Hello there everyone, I am an active duty military nurse who hopes to one day be an Acute Care Nurse Practitioner, AGACNP. (In the next 3 years)
At this time the branch of service I am in does not currently utilize ACNPs, so I have been considering coming back to the civilian sector. However, after reading many of the posts by new grad NPs, I have become very nervous about re-entering the job market, as many new grads seem to not only have immense difficulty finding jobs, but decent salaries.
Are there any ACNPs out there who can give me an idea of how the market currently is? I am currently on the West Coast in California and don't plan on staying. The program I'm hoping to go to is in Tennessee, and we have family out in Florida, so location is flexible. I know things change depending location, but any information or experiences would be helpful.
Dec 19, '16
Tons of jobs for ACNPs here in Pittsburgh in acute inpatient.
Dec 22, '16
I too see a lot of in-pt jobs and many specifically ask for ACNP's (Northern California). As someone not in the market for a new job, I do not know what the competition for the jobs are like but the area only has one ACNP program so the supply may not actually be that large. Having said that, a number of new hires in my workplace are transplants or graduates from programs out of state.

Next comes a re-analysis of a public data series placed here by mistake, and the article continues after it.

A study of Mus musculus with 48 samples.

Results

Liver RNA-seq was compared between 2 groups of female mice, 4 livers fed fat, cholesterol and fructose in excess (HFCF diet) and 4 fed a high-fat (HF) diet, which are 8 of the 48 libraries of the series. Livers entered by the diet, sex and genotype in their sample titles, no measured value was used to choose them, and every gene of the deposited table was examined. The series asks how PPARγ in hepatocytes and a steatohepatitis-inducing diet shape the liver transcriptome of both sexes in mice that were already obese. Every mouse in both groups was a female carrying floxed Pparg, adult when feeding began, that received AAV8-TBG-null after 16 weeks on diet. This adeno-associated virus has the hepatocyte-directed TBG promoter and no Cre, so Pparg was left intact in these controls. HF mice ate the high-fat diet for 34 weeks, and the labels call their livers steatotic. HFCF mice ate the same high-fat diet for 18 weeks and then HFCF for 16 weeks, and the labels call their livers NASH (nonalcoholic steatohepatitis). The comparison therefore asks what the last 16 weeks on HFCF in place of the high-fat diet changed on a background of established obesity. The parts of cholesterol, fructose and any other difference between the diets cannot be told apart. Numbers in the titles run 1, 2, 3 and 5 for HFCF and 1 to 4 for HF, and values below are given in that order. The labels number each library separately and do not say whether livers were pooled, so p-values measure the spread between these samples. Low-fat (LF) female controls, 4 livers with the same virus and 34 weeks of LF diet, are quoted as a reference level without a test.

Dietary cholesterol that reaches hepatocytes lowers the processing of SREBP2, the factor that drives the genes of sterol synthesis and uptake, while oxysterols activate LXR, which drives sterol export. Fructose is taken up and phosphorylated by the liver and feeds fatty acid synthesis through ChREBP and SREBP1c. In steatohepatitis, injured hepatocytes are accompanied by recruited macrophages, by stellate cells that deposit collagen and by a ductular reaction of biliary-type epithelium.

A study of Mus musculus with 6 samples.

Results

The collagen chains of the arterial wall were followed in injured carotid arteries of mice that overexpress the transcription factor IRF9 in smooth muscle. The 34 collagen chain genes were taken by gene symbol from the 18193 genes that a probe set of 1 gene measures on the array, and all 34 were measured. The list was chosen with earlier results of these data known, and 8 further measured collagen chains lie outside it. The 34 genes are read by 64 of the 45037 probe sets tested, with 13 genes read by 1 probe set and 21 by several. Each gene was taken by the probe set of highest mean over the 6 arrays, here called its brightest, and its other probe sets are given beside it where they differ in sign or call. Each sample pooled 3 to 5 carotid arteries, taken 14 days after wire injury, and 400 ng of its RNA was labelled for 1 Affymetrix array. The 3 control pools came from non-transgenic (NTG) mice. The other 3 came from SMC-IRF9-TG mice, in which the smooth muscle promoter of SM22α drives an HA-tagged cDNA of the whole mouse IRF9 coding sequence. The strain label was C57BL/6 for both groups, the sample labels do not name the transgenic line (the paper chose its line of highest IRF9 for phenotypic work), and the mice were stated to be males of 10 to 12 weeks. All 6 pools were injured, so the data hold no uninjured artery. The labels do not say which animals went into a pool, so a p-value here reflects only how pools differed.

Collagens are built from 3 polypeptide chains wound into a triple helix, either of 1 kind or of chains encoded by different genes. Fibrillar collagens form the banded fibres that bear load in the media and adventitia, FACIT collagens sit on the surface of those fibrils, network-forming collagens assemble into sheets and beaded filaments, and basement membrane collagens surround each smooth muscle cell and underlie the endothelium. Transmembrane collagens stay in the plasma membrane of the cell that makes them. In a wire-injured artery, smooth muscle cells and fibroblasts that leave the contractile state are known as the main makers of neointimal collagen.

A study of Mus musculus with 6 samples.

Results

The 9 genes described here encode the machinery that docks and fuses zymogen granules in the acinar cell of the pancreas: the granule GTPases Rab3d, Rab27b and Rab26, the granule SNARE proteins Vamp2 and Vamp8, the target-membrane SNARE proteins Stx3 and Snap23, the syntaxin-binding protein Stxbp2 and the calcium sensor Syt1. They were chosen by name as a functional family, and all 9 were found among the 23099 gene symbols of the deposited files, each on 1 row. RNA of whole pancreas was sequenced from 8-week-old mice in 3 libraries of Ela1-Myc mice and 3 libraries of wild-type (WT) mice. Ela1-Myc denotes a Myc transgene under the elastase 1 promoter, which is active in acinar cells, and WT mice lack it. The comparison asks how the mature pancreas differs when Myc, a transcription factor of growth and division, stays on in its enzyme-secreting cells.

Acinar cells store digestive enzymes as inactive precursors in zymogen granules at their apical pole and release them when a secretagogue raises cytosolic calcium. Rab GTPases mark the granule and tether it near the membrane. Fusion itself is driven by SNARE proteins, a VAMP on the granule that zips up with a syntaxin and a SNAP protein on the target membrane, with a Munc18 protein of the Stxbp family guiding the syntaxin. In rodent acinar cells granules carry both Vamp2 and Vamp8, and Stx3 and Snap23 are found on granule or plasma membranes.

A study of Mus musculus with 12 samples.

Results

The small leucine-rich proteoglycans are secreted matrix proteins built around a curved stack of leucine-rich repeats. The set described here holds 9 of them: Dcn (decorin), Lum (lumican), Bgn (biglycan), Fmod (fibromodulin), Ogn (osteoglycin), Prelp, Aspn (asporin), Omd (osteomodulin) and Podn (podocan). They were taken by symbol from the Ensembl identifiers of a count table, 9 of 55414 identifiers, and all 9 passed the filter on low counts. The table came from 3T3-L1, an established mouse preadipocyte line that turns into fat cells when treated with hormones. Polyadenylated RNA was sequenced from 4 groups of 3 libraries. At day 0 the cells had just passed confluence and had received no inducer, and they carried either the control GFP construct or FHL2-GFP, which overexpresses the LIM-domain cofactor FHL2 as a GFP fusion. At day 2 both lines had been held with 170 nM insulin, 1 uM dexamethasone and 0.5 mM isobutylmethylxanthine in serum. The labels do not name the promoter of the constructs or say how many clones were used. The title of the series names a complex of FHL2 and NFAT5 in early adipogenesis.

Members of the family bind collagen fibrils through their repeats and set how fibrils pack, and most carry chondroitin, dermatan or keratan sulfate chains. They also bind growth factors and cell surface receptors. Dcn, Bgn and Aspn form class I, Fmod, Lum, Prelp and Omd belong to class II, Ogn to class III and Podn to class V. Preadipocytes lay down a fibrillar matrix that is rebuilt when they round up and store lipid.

Dec 23, '16
I would be reluctant to pursue acute care NP as a primary graduate degree. If you have that much time, and are already an RN, go for FNP as the primary degree, and possibly pursue acute NP as a post-graduate, if you need it at all. Why not stay in the military as a FNP?
Just because I have the time to pursue both doesn't mean that I should stay in school longer to get a degree that I don't see myself using. The reason I want to pursue AGACNP as my primary degree is because I have no desire at all for FNP (no babies or kiddos for me please!) , plus I know myself and my end goal is direct, in-patient care and from what I can tell an AGACNP degree is the best option for preparing me for that path.
There's a multitude of reasons why one might consider leaving the military. FNPs in the Navy have HEAVY clinic hours and that's not at all something I want to be doing for the next 15+ years.
Thank you for your input!
I'm also in Pittsburgh (Hey ghillbert) and almost all inpatient/specialty NP jobs prefer ACNP - and there are multiple postings for each health system. A big part of why I chose ACNP.
If you are willing to relocate there should not be a problem finding a position as an AGACNP. The dual degree has some advantage should you decide to work ED or just to add to your knowledge base. Also, if you are using the post-9/11 the free ride is a nice way to complete school without any debt. I worked PT after separating and with the living stipend money was a non-issue.